Syrian Fighter Jets Fly Over Area Where US Forces Operating for Second Day in a Row

PHOTO: This July 31, 2016, US Navy handout photo shows an F/A-18F Super Hornet preparing to make a landing on the flight deck of the aircraft carrier USS Dwight D. Eisenhower in the Arabian Gulf after a mission in support of Operation Inherent Resolve.PO3 J. Alexander Delgado/US Navy/AFP/Getty Images
This July 31, 2016, US Navy handout photo shows an F/A-18F Super Hornet preparing to make an arrested landing on the flight deck of the aircraft carrier USS Dwight D. Eisenhower (CVN 69) (Ike) in the Arabian Gulf after a mission in support of Operation Inherent Resolve.

For the second time in two days, Syrian fighter jets on Friday attempted to fly over a Kurdish-held area of northeastern Syria where U.S. special operations troops are operating, but flew away after being met by American F-22 fighters.


The two incidents together appear to be the closest military encounter yet between American and Syrian government forces in the two years since U.S. jets began flying over Syria as part of a U.S.-led coalition's fight against ISIS.

Earlier on Friday the Pentagon had warned the regime of Syrian President Bashar Al-Assad to not fly or conduct airstrikes in the area where American troops are operating.

A U.S. official said that on Friday two Syrian Su-24 aircraft once again "attempted to transit the area [near Hasakah] and were met by coalition fighter aircraft." The official said the presence of American F-22 aircraft "encouraged the Syrian aircraft to depart the airspace without further incident. No weapons were fired by the coalition fighters."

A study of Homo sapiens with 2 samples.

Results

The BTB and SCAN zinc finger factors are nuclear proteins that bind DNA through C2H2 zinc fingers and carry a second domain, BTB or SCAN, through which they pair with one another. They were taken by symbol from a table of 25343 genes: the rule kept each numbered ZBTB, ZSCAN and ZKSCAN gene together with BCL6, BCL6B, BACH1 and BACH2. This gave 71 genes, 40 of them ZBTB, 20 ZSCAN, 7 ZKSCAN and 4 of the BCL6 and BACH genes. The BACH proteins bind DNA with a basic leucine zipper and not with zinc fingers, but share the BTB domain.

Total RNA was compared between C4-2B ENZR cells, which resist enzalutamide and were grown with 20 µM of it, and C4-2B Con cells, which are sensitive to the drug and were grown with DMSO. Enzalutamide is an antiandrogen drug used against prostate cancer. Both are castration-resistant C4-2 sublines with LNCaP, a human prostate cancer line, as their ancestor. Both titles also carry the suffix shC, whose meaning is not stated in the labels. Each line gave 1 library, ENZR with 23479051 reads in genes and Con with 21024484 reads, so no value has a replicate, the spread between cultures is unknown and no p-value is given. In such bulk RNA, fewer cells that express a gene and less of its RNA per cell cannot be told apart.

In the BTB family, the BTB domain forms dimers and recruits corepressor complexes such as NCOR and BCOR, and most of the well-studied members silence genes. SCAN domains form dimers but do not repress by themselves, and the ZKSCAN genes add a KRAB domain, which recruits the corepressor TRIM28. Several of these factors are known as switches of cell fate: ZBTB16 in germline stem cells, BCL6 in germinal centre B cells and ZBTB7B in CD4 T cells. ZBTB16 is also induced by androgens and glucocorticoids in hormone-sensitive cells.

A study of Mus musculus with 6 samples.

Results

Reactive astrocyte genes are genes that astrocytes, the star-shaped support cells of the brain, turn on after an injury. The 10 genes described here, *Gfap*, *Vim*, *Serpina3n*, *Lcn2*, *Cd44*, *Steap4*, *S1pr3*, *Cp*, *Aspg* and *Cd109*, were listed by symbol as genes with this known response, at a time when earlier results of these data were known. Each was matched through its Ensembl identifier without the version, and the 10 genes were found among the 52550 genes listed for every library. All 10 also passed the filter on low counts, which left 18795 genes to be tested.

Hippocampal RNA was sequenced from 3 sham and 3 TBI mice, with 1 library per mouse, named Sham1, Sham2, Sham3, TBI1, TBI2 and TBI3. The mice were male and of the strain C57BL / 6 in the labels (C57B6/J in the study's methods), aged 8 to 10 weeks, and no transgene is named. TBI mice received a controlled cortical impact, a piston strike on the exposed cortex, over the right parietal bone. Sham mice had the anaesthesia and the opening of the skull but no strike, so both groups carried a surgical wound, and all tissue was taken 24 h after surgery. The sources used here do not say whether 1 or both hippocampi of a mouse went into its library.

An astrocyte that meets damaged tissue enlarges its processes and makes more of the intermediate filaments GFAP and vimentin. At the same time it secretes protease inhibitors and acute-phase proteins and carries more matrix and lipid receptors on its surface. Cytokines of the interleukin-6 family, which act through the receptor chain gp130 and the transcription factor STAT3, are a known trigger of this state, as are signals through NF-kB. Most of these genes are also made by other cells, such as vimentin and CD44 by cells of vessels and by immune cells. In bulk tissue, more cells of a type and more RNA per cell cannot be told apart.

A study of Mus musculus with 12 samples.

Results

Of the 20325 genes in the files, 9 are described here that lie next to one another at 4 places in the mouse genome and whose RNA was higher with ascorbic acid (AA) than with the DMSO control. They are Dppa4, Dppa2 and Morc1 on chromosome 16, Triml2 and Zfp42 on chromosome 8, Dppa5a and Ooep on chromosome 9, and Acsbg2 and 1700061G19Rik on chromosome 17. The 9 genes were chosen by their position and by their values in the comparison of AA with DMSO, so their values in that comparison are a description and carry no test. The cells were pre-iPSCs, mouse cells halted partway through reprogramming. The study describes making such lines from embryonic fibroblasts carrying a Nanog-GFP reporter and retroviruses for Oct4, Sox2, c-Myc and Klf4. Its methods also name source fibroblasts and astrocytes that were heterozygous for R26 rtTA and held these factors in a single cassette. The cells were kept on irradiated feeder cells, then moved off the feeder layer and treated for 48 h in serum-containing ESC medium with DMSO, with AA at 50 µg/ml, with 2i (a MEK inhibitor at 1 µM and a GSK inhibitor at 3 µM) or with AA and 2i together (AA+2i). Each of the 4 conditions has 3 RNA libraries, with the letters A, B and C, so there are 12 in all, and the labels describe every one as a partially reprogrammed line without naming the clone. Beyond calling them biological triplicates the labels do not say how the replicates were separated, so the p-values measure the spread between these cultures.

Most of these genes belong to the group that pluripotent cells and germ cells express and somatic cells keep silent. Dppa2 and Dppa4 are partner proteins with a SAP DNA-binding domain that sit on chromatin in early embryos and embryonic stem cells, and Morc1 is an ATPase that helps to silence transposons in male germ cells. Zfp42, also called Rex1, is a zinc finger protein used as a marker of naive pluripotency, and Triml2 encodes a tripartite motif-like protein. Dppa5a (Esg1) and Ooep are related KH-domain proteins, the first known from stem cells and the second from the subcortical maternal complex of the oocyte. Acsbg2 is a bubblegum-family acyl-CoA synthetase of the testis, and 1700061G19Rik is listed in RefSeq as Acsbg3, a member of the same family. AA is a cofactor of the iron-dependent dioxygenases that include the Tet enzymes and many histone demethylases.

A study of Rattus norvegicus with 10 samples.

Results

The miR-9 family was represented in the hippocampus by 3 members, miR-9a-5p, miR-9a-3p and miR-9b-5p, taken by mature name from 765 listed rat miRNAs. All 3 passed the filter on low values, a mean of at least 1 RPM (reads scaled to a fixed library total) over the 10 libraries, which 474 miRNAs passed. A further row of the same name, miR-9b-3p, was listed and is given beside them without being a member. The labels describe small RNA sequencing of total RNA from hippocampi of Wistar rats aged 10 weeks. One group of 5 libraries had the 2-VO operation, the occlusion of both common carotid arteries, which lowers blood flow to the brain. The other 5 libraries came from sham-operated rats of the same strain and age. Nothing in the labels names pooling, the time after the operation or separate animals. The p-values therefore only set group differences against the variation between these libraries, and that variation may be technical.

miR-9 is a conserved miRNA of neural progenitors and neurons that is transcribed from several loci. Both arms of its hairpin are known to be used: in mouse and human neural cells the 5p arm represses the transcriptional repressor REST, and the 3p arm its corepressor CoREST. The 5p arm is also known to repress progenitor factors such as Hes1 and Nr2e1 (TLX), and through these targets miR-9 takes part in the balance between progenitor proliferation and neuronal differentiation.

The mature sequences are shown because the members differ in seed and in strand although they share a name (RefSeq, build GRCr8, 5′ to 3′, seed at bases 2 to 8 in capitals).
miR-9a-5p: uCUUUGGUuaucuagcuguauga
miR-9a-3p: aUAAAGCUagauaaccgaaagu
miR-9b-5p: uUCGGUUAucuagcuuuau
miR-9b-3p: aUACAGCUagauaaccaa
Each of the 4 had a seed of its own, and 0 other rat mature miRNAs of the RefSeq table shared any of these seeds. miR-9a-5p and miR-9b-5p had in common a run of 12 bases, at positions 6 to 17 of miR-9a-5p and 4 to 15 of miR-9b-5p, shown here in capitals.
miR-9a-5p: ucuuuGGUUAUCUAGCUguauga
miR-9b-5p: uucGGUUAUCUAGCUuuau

Up to 300 U.S. Special Operations forces have been authorized by the White House to operate in northern Syria in support of Kurdish and Arab rebel groups fighting ISIS. They provide training and also serve as advisers on military operations, though the U.S. forces are not directly on the front lines.

The majority of the area around Hasakah is held by Syrian Kurdish forces fighting the Islamic State group, but there are also pockets of Syrian regime forces in the area. Thursday's airstrikes and the attempted flyover by Syrian fighter jets on Friday both occurred in the general area where American special operations forces train and partner with the Kurdish forces against ISIS.

Thursday's encounter occurred as two Syrian fighter jets dropped bombs outside of Hasakah, apparently in support of Syrian regime forces that were fighting the Syrian Kurdish forces.

Syrian pilots did not respond to Kurdish attempts to communicate over an emergency channel during the incident Thursday. Additionally, the U.S.-led coalition contacted the Russian military through a communications link it has for air safety over Syria; the Russians said they did not have aircraft in the area.

American fighter jets were sent to the area where the Syrian jets conducted the airstrikes Thursday, but by the time the U.S. planes arrived the Syrian forces had flown away.

Davis said of Thursday's incident: ‘No coalition forces were impacted.”

"We did make clear that U.S. aircraft would defend troops on the ground if threatened,” he said. “We will ensure their safety.”

"Obviously this is very unusual,” Davis told reporters Friday. “We’ve not seen the regime take this kind of action against YPG before,” he said, using an acronym for Syrian Kurdish forces.

Knowing Russia’s strong support for the regime of Syrian President Assad, Davis said a message was sent for them to pass along to the Syrian military “stating our intent to take whatever action is necessary.”